Research finds big mental health decline, cause unclear

Research has revealed that something around the turn of millennium led to a significant decline in the mental health of Australians, but its unclear what.



The mental health of Australians declined from 2010 but researchers are grappling to understand why.


Research authors from the University of Sydney, University of Melbourne and ANU said causes could be the rise of social media, poor sleep or an increased willingness to discuss mental health issues.


University of Sydney's Richard Morris said a number of things happened in the first decade of the millennium, particularly around 2010.


"The (Global Financial Crisis) occurred in 2008 and the austerity measures that occurred after that could have a big impact," Dr Morris said.


"There were changes to social media, so Facebook news feeds were updated, Twitter started offering retweets."


Dr Morris said new research on mental health commonly focuses on younger groups but this data shows that it's not just Australian youth that are feeling the sting.


"What's interesting about our results is that it's occurring in older cohorts like people born in the 1990s or even the 1980s," he said.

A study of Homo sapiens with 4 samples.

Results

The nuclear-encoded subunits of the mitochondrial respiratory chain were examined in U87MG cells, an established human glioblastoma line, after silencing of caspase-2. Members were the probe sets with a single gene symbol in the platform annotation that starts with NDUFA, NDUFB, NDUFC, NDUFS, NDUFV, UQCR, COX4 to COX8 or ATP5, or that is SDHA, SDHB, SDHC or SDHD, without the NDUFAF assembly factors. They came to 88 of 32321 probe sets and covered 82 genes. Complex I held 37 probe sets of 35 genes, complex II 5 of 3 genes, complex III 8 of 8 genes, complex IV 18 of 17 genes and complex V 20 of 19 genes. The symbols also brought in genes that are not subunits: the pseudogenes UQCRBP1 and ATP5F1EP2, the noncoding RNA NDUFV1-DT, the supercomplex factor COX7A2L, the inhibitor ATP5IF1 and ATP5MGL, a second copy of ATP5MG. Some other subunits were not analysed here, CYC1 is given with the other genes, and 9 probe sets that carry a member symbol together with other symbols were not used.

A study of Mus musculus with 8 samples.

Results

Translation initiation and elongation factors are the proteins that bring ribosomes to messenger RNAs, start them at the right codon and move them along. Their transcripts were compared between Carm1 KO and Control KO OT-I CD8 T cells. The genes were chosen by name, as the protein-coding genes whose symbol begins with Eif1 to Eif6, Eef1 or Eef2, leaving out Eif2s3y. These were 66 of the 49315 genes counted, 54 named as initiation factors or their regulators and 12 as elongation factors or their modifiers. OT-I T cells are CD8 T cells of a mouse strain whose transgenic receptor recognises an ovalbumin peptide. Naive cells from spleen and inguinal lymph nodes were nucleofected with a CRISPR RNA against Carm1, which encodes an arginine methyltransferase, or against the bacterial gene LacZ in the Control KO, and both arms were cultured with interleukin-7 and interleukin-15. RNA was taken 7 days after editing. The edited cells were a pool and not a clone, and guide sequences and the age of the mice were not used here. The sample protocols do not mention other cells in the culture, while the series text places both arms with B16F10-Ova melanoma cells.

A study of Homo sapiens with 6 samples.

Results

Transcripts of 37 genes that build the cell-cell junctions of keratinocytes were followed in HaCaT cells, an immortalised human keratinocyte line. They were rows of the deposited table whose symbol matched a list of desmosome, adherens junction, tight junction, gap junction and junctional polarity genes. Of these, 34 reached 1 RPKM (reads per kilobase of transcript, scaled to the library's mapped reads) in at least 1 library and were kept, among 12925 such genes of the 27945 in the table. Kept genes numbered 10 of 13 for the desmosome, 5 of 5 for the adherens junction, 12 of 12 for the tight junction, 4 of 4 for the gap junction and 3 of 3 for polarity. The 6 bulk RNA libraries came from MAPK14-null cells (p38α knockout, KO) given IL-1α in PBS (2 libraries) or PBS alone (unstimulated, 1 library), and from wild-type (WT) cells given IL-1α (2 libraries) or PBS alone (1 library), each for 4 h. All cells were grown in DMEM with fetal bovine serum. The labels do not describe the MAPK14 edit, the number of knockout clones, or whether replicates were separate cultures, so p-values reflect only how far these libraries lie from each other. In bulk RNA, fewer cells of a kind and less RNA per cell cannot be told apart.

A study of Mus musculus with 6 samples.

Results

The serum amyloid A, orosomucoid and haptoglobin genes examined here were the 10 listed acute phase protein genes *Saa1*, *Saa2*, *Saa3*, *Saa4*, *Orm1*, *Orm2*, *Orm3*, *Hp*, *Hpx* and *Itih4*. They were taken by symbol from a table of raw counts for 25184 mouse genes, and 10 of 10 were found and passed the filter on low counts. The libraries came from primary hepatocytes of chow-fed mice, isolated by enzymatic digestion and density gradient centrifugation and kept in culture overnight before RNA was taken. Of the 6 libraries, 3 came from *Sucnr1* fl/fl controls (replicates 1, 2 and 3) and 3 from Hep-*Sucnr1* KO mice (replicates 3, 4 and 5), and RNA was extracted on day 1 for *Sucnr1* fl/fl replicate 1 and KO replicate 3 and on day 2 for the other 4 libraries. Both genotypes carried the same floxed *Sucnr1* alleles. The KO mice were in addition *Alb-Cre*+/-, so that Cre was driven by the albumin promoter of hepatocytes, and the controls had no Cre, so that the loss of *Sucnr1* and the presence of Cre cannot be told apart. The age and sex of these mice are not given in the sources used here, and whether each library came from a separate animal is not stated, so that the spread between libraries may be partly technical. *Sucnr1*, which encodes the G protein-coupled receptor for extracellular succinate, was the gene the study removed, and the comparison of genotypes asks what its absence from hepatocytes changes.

"Something happened either in the first decade of the millennium or somewhere on or before 2010 that produced these generational differences that we're starting to see.


"The timing of these generational differences seems to be an important clue."


Led by The University of Sydney, the research tracked Australian's over 20 years using The Household, Income and Labour Dynamics in Australia (HILDA) Survey.


The HILDA Survey follows the lives of 17,000 Australians each year and helped lead to the unsettling discovery affecting Australians well into their 40s and 50s.


Subjects involved in the research were asked to scale their recent happiness, as well as evaluate how they feel about things like their prospects, job security and finances.


It found that just because people are on track in life, it doesn't necessarily mean they're happy.


"You'd expect people that are doing well in life to also be happy, but the fact that they're not happy presents a problem," Dr Morris said.


The results show people with poor mental health may not necessarily improve.


In the past, research showed the mental health of much older Australians often improved with age but these new findings show people born from 1980 may never see similar improvements.


"The big implication is that where we might have previously had people spontaneously recover, this data is showing that this might not happen," Dr Morris said.


The next step for the researchers is to secure funding to work towards understanding what has most likely caused this decline in mental health for Australians.


"The prevailing hypothesis right now is that its probably social media or it's dissatisfaction with their economic situation," Dr Morris.


"Right now, we don't know. What we have done is identify a problem."